Pubdate: Sat, 17 Mar 2012
Source: Daily Item (Sunbury, PA)
Copyright: 2012 The Daily Item


Howard Wooldridge, an anti-drug war crusader, will make his second 
visit in three years to the Central Susquehanna Valley in the coming 
week, and his itinerary is packed.

Wooldridge is due to speak at Susquehanna University, Bucknell 
University, Lycoming College, before the Lewisburg Rotary Club and at 
the Northumberland Senior Action Center. Wooldridge's visits are 
being sponsored and co-sponsored by the American Civil Liberties 
Union, Central Susquehanna Chapter, in Lewisburg.

Wooldridge takes the radical position that America ought to surrender 
in the drug war. Every moment a police officer invests in chasing a 
drug dealer or drug user is time that could be better spent chasing 
or arresting drunken drivers or pedophiles.

Wooldridge is a former police officer who maintains that society 
ought to treat narcotics the same as alcohol. One does not have to 
agree with Wooldridge to recognize that he is right to insist that 
the lawmakers take a long look at the ineffectiveness and expense 
associated with our current strategy.

The community organizations that are providing Wooldridge a forum are 
to be commended. The judicial system has been struggling to adapt to 
the strains placed on it by the volume of cases associated with drug 
crime. Every six months or so, timed to coincide with the Druid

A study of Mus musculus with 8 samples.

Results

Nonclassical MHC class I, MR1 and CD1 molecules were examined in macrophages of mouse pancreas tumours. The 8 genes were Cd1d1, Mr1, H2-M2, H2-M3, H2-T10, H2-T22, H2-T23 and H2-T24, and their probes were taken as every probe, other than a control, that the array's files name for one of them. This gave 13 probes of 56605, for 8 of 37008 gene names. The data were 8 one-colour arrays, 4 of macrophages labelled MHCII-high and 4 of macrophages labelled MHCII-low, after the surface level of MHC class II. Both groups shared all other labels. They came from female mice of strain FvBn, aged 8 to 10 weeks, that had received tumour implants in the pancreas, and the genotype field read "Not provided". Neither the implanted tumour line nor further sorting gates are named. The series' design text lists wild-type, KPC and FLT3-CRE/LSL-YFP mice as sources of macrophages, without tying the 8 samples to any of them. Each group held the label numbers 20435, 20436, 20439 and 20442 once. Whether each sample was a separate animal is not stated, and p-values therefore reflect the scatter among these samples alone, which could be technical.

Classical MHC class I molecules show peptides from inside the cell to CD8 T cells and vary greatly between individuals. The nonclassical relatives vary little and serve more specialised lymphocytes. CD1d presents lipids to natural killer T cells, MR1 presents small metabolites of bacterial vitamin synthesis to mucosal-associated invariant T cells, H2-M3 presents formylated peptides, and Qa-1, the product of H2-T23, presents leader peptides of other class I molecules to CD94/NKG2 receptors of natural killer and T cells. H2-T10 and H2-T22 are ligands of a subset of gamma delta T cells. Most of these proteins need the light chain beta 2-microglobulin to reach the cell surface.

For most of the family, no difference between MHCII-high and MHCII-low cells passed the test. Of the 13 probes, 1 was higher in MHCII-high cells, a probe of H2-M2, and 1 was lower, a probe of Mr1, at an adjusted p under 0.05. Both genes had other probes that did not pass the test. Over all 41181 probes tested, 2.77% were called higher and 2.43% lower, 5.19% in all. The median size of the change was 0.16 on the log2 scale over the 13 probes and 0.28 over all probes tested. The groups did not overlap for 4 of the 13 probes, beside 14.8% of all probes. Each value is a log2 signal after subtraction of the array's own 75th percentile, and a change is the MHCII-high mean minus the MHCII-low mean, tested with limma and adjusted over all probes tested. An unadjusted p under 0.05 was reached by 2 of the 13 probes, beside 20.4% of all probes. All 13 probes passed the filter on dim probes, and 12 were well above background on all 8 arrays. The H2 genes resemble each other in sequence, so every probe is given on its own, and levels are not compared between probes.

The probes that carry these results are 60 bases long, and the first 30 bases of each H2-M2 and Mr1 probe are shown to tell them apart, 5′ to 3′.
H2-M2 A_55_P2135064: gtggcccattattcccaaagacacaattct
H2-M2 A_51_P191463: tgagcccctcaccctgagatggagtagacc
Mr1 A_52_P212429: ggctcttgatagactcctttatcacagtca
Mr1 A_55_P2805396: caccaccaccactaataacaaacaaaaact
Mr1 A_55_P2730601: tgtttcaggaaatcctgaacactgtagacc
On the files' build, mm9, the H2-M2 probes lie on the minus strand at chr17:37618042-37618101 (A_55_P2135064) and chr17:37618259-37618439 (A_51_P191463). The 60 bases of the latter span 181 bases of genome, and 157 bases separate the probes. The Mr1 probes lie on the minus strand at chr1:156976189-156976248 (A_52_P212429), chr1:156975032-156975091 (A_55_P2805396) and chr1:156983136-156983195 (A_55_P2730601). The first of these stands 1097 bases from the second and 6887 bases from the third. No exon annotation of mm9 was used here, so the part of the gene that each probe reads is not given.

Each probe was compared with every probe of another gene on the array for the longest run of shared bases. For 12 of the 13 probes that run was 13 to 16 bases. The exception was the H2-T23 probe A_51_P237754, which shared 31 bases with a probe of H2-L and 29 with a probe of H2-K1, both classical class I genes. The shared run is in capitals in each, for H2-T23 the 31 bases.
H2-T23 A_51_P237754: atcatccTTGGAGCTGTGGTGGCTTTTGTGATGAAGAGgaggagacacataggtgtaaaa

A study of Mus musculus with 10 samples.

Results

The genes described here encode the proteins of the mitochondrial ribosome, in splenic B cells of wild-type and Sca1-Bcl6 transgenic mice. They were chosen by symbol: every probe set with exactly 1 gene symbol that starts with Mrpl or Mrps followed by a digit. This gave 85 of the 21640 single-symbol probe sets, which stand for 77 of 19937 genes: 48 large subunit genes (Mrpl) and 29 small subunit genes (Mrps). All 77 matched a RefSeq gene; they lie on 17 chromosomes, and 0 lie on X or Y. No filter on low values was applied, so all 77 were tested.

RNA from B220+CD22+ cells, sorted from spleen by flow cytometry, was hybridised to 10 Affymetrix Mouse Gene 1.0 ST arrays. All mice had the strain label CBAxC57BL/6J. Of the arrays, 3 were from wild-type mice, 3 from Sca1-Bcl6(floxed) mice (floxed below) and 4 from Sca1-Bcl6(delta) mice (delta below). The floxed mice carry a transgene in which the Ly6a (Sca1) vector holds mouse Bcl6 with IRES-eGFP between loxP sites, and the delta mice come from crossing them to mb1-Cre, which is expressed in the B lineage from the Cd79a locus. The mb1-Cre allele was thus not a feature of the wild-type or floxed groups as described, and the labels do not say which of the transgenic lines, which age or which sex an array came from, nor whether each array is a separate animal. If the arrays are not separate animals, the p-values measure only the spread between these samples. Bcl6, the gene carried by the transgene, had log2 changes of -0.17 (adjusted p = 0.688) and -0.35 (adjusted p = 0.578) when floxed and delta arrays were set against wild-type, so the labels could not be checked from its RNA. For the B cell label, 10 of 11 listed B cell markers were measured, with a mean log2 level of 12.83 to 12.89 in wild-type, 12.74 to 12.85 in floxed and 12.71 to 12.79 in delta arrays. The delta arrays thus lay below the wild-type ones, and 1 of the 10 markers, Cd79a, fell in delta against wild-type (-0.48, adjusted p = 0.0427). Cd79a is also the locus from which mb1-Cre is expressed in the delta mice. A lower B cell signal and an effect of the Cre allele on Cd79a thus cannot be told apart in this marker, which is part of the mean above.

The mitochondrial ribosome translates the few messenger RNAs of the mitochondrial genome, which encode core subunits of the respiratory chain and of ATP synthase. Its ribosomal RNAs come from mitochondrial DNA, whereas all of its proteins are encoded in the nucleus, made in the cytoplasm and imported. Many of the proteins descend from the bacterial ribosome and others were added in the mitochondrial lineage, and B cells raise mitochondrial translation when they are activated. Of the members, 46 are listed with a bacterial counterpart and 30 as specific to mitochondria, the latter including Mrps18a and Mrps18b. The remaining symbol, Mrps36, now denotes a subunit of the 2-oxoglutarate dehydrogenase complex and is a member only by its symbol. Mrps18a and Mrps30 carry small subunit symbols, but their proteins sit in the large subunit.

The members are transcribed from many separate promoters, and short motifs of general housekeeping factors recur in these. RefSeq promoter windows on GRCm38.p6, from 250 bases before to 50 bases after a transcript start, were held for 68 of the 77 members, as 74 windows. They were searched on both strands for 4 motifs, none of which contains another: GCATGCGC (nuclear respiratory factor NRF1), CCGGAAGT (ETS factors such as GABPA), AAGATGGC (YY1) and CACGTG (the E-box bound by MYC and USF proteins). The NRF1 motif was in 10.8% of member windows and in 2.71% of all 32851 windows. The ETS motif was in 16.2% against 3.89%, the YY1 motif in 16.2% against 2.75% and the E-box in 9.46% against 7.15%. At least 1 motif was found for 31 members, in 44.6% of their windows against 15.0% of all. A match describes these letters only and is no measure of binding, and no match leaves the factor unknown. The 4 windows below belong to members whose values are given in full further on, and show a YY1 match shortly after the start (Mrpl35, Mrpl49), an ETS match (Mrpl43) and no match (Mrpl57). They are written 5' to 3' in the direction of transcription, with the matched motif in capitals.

calendar or the election calendar (who knows?) police scurry hither 
and thither and round up drug users and dealers in choreographed 
parades of shame. It is no solution. The number of defendants 
involved in these sweeps topped 100 in the most recent spectacle.

Earlier this year, Pennsylvania Auditor General Jack Wagner noted 
that nonviolent offenders, including those involved in drug crimes, 
account for 39 percent of the inmates in state prison as the 
corrections system population swells. Each prisoner costs the state 
approximately $33,000 annually, for a total yearly cost of nearly $1.7 billion.

The judicial system has struggled to adapt to the strains of the drug 
war. Innovative strategies like drug treatment court, which pairs 
drug counseling with court supervision, address the symptoms rather 
than the underlying disease.

Wooldridge's legalization plan may be too extreme for many people to 
accept. What we are now doing is not working and Wooldridge is doing 
a public service in providing an opportunity for taxpayers and 
elected officials to think about and debate our drug policy.